A digital document containing the user names and passwords of 8,000 Comcast customers has been sitting on the Internet for two months - but Comcast tells the New York Times that it doesn't believe that the document came from within the company.
Instead, the company thinks the list was related to a phishing attack or something similar because the list contained duplicate entries and was lacking "structured information" such as account numbers. Basically, it sounds like the company is shifting the blame back on the customer.
The Times reported that statistics on Scribd - the online document-sharing service the hosted the document - indicated that itt was uploaded by a person with the username vuthanhan2004, had been viewed more than 345 times and downloaded 27 times. The document was taken down after the Times contacted Scribd.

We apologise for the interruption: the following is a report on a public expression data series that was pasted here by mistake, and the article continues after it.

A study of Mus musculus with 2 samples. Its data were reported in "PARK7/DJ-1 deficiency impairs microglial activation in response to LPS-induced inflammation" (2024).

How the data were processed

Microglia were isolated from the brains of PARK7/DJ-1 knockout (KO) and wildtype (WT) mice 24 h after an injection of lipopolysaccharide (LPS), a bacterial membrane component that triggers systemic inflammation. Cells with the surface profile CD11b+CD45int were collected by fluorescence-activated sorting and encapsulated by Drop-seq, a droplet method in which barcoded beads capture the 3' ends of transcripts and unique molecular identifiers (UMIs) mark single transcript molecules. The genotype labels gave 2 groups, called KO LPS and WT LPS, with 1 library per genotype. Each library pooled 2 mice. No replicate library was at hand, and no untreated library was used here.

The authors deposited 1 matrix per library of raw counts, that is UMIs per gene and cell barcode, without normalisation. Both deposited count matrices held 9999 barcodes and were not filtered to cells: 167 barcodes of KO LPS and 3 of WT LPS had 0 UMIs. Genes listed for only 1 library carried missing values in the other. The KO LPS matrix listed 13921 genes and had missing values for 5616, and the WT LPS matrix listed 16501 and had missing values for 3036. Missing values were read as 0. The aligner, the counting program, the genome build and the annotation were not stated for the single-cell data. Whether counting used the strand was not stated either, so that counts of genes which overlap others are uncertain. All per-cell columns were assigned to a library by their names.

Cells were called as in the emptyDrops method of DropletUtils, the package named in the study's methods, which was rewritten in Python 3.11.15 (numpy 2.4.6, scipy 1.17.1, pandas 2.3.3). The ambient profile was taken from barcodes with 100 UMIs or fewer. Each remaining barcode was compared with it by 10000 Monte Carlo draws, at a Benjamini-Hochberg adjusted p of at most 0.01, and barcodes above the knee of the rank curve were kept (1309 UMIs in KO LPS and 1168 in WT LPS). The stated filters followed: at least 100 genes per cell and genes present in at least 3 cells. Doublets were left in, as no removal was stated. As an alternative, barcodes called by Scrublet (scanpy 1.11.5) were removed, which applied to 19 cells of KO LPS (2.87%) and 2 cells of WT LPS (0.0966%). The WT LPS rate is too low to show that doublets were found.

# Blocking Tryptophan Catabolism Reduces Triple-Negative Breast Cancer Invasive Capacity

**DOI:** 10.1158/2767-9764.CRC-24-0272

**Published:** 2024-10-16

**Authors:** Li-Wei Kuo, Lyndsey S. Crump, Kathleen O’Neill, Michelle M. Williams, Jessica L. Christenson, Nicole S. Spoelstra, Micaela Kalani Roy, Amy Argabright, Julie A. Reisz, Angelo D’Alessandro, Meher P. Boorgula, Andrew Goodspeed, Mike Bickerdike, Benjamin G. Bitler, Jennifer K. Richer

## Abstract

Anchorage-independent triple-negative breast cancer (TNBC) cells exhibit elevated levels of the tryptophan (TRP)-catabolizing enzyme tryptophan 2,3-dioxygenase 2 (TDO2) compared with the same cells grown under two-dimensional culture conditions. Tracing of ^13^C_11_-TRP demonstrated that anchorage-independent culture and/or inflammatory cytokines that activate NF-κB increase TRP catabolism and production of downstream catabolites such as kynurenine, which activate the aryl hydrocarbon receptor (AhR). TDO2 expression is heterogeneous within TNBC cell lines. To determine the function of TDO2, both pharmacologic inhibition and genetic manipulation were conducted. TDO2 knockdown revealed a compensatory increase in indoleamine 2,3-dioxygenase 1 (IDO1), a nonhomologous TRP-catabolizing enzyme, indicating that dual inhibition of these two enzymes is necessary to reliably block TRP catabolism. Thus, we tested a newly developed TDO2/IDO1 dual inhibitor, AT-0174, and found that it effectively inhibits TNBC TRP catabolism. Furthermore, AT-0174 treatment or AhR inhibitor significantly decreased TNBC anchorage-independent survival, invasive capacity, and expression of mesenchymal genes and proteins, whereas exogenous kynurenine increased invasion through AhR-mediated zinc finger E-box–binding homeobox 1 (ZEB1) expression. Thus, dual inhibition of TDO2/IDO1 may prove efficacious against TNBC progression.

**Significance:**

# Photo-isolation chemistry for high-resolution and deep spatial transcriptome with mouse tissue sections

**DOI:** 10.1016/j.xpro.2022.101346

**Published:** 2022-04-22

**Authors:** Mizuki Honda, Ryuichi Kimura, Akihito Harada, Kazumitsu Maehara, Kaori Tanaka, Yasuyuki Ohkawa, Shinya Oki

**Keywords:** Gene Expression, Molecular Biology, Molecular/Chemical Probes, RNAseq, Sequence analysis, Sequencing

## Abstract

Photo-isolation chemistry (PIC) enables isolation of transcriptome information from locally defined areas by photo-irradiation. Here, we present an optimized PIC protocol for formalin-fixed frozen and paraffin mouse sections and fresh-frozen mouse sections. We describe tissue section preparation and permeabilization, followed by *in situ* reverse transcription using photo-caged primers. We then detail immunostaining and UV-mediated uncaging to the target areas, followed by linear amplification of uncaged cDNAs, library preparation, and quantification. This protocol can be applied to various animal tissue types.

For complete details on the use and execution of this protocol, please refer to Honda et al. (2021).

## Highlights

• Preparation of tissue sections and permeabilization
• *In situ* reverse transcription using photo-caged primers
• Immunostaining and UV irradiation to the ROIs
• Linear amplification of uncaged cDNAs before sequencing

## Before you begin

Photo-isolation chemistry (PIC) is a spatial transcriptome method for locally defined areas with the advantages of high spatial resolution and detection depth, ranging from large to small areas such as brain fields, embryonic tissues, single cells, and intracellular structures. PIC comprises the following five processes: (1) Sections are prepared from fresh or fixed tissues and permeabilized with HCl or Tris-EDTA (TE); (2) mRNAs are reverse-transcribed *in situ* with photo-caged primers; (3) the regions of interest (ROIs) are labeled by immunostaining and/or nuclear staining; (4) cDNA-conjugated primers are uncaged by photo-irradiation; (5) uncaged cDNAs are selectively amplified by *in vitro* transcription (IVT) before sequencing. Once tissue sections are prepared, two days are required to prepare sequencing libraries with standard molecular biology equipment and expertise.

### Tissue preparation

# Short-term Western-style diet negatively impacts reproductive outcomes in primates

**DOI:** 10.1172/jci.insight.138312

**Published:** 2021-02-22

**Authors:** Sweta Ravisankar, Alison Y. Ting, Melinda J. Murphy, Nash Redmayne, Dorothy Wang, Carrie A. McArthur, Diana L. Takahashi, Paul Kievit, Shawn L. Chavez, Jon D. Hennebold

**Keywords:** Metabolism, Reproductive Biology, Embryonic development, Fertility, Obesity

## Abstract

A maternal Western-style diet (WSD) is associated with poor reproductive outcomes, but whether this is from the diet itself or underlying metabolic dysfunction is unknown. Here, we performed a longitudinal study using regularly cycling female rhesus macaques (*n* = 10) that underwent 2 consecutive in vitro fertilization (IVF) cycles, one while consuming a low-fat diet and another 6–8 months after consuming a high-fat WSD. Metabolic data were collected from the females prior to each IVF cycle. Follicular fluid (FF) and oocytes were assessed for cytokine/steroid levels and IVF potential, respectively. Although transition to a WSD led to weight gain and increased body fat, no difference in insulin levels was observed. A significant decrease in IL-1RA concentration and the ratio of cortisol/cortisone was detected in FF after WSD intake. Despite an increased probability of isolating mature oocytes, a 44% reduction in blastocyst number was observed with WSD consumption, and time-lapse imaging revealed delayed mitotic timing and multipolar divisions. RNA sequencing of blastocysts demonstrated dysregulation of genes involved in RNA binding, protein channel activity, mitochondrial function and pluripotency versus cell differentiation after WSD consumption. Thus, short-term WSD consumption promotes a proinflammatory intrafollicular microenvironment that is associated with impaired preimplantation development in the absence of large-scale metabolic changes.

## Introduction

In the meantime, what is Comcast doing about that piece of this story? Well, they're freezing the e-mail accounts of the customers whose names were on the list. And they'll be reaching out to educate them about using safe passwords.
As a Comcast customer whose name may or may not be on that list, I'd like a bit more than a frozen e-mail account and a lesson on passwords. I'd like to know that Comcast is looking closer at the matter, working with Scribd and the authorities to identify vuthanhan2004 and make sure that it didn't come from inside. Is vuthanhan2004 a Comcast employee, perhaps?
Hopefully, we haven't heard the last of this. Maybe Comcast will come back in a few days to say that, following an investigation, it appears that the list did not come from inside. Or that it did, but that it was an isolated incident by a disruntled ex-employee. Or something that sends a message that Comcast is, in fact, taking steps to make sure sensitive customer information is always protected.